This summer I went to see the movie, Inside Out,
with my wife and daughter. Though the five emotions vying for control inside 11-year-old Riley’s head entertained me, the fate of her “personality islands” truly captivated me.
This summer I went to see the movie, Inside Out, with my wife and daughter. Though the five emotions vying for control inside 11-year-old Riley’s head entertained me, the fate of her “personality islands” truly captivated me.
When the movie begins, Riley has five pillars of her character: goofy, honest, hockey player, good friend, and loving daughter. Some of these elements of her identity seem typical. We are often defined by what we do (hockey) and who we are (friend and daughter), but other components of our personality are character traits that we value so much that they become part of us (honesty). As I watched Riley struggle with the challenges of preadolescence while also enduring a move to a new city, I was particularly intrigued by the impact of that transition on Riley’s integrity.
At Graland, we have a set of guiding principles that help guide us toward our mission. To keep these principles at the forefront of our minds, we ask faculty to choose a guiding principle and share its impact on their lives with the entire Middle School. We call these “UpWords assemblies.” This year, we are also asking every eighth grader to give an UpWords speech to his or her classmates. Over the years, we have had faculty speak on “Embrace Experiences,” “Promote Independence,” “Celebrate Perseverance,” and several others. No one has yet to speak on “Instill Integrity.” Speakers may avoid this topic because it is challenging to define integrity, to capture all that it encompasses in a 15-minute speech.
Unlike a speech, a film like Inside Out can use powerful images to create meaning. The brilliant animation that depicted the destruction of Riley’s Honesty Island clarified my understanding of integrity. The first definition of integrity in the Oxford English Dictionary is “completeness,” deriving from the Latin word, “integer,” meaning “whole.” Though further definitions directly link integrity to morality, the concept of wholeness is most instructive.
Before her family’s move to San Francisco, Riley feels intact. Yet, as she struggles with that transition, her identity begins to dissolve. Specifically, her vision of herself as an honest person shatters, shaking the completeness of her character. Watching Riley’s Honesty Island collapse made me realize the significance of our integrity. If we are honest and reliable, we feel whole. If we are dishonest, if we cheat, or if we let someone down, our character begins to disintegrate. Though there are times when we are all tempted to dodge a relatively small consequence by fudging the truth, there is always a bigger consequence: the crumbling of our character.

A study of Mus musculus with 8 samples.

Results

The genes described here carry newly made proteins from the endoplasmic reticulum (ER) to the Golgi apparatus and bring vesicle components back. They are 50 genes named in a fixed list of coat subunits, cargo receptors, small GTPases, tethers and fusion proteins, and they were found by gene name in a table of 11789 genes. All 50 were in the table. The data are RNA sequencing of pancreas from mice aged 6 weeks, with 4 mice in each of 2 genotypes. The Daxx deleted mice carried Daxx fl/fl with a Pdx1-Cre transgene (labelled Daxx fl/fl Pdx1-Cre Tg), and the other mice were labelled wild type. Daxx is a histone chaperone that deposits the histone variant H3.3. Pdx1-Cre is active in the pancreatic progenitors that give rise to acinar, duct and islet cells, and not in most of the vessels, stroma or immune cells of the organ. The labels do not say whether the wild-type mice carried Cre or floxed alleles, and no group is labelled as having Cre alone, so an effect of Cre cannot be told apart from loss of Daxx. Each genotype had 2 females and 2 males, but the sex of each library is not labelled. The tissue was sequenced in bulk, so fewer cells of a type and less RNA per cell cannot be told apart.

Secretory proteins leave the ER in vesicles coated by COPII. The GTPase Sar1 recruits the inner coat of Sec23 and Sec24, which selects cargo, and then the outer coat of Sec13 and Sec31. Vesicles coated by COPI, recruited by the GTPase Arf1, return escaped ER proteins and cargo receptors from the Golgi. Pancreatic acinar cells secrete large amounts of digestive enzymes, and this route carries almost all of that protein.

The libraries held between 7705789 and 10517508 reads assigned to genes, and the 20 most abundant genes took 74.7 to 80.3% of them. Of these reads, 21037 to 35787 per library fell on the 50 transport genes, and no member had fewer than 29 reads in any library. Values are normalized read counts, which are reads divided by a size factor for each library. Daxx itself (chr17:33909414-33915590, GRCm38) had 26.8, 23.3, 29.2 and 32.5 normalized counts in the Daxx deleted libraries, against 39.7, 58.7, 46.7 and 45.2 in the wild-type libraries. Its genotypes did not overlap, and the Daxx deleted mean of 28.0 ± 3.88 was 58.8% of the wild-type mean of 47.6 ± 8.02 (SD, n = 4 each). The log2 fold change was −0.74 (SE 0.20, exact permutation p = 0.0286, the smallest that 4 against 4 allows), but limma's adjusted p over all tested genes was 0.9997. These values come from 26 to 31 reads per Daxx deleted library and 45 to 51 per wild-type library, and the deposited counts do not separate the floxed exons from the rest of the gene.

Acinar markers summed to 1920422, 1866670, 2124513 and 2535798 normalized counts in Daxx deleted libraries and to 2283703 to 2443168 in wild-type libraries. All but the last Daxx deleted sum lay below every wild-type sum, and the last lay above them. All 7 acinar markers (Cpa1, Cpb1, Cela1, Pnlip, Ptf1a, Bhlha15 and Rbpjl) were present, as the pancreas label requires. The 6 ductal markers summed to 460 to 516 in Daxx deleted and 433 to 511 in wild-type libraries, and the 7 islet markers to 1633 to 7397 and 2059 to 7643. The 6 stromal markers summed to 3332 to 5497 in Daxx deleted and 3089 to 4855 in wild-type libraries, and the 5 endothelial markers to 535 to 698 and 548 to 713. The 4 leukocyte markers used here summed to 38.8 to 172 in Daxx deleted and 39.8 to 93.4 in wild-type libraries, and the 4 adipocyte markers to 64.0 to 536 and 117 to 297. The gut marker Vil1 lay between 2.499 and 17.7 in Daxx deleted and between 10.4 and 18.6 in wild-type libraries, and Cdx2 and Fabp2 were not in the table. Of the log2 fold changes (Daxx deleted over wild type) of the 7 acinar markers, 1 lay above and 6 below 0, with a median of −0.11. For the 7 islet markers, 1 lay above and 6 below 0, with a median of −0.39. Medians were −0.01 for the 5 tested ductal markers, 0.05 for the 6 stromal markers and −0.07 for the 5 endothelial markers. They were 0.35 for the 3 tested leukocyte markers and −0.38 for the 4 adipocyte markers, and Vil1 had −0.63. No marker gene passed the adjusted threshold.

Since it is our mission to “build strong character,” we cannot ignore the integrity of the Rileys, the 10- through 14-year-olds, who inhabit our Middle School. We have events, like UpWords assemblies, in which we share the values that make up strong character, yet we also want students to have a chance to discuss and discover the values that make them who they are. These conversations happen throughout the day from advisory to academic classes to athletic endeavors. They happen during a private conversation with a teacher after class or in an administrative office after a student makes a mistake.
Of course, we want each student to have a completely established moral compass that guides him from right decision to right decision, but the reality is that the identity and the integrity of preadolescents is still in progress. Like Riley, sometimes students can make a choice that goes against what they truly value, and they then have to work to rebuild the wholeness of their character.
Though our school rules are a good starting point to help students avoid mistakes, we don’t believe developing integrity happens by simply demanding adherence to school policies. Understanding integrity takes time and experience; therefore, we help facilitate that process through education, conversation and reflection. Though some students may stumble through this journey, we believe that they have the resilience of Riley. During the movie her identity was shaken, but she was also quick to rebuild. Our students’ personalities are still forming, some islands will go, some will stay the same.
At my opening speech this school year, I asked the students to think about the islands that are essential to who they are and do their best to maintain those throughout this year and throughout their life. I concluded by telling them, “I look forward to seeing you build and rebuild your character this year. As Riley’s story tells us, it is not always easy growing up, sometimes sadness takes the reins from joy, but in the end, we are strong, we find ourselves whole again.” JOSH COBB holds a bachelor’s degree in creative writing, a master’s in English literature and a master’s in education from Columbia University in New York City. He loves the blend of progressive and traditional teaching methods at Graland, and how the faculty works to combine diverse strategies in order to best serve their students.